U.S. mulls easier access to emergency contraception
WASHINGTON — US regulators are considering whether to grant a drug company’s request to make emergency contraception available over the counter to people of all ages instead of by prescription.
Currently, the morning-after pill — which can reduce the chance of pregnancy if taken within 72 hours of unprotected sex — is available by prescription only to people under 17 in the United States.
Those over 17 can ask for it at a pharmacy counter without a doctor’s prescription.
Teva Pharmaceuticals asked the Food and Drug Administration to change its rules to allow its product, Plan B One-Step, to be easily accessible to all ages, and industry watchers expect a decision on Wednesday.
“We believe that this defies good public health sense,” said spokeswoman Jeanne Monahan of the Family Research Council, a conservative advocacy group, citing STDs and sexual abuse as possible risks that may be ignored if youths can get the morning-after pill without consulting a doctor.
“Of course we are pro-life and of course that is a major issue on this, but we believe there is a real danger that Plan B can be given to girls and sexually abused and exploited minors under coercion and without their consent,” she told AFP.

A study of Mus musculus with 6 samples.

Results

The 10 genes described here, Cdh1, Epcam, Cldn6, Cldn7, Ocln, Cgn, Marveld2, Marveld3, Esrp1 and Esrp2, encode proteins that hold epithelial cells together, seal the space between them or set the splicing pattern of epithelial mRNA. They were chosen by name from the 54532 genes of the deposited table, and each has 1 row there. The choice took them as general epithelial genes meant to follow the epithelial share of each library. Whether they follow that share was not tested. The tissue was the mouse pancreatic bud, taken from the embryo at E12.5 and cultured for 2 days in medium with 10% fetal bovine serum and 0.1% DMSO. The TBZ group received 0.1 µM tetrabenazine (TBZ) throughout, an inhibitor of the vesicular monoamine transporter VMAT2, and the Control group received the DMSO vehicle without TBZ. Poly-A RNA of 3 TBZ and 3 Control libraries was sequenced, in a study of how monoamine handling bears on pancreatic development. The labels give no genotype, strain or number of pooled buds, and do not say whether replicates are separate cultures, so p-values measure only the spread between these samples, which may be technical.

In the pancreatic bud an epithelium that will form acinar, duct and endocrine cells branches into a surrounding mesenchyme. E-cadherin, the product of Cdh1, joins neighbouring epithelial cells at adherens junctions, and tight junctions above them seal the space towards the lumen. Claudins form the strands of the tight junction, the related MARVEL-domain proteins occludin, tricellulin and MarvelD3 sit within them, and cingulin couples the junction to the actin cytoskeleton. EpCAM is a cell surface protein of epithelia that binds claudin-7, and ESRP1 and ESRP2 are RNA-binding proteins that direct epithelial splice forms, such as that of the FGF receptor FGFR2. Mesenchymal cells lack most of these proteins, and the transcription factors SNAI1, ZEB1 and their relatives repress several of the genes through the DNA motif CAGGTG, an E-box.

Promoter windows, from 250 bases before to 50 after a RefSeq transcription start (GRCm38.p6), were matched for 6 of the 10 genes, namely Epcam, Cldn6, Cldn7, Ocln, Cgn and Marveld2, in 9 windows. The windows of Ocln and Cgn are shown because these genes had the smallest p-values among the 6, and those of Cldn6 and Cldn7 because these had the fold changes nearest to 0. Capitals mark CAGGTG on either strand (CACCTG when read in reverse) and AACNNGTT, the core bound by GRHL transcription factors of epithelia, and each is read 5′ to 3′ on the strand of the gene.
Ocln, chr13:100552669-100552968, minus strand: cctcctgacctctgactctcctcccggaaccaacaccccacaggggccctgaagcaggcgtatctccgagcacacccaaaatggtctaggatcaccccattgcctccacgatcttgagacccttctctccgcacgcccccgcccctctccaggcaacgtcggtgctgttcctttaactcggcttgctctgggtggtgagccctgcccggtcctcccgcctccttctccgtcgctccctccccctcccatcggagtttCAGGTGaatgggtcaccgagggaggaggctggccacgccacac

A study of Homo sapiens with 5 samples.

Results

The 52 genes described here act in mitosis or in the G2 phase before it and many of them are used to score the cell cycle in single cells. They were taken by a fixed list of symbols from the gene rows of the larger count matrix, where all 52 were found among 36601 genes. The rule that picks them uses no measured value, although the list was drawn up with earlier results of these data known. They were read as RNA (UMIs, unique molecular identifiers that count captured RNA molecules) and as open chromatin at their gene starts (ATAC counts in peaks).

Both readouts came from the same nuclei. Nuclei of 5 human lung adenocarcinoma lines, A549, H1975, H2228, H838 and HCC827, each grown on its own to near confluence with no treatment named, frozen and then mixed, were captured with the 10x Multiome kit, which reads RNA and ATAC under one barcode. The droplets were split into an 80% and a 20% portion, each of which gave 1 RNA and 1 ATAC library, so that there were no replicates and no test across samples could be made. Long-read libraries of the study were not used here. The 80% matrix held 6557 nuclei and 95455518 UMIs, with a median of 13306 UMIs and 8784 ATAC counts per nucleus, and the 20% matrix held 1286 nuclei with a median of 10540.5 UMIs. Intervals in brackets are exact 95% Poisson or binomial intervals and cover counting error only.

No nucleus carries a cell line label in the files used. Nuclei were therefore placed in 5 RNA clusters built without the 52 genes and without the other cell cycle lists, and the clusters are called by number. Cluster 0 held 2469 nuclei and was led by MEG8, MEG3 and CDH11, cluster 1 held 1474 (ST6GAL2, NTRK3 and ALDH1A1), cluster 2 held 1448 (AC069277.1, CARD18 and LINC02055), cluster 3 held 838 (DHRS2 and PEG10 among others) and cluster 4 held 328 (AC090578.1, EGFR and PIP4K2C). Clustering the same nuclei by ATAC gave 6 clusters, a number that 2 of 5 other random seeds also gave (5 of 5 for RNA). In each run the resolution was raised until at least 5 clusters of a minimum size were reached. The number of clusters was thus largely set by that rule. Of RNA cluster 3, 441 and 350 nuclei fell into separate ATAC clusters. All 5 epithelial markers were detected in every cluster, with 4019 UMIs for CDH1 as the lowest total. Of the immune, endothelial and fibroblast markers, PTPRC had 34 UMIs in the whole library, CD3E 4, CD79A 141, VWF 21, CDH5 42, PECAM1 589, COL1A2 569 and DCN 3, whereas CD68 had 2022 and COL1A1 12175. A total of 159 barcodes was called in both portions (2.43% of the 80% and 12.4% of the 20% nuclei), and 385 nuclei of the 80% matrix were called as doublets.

“The doctor can ask good questions to get to if there is a problem of sexual exploitation. To remove that level of medical supervision to me is removing a huge help to young girls.”
Pro-choice advocates have long pressed for greater access to emergency contraception, and voiced hope that the FDA would loosen regulations.
“Hopefully, it will be right on the shelves between the condoms and the pregnancy tests,” Kirsten Moore of the Reproductive Health Technologies Project, an advocacy group, was quoted as telling the Washington Post.
“We think it’s good news for women’s health and long overdue.”
An FDA spokeswoman declined to give any details about the impending decision.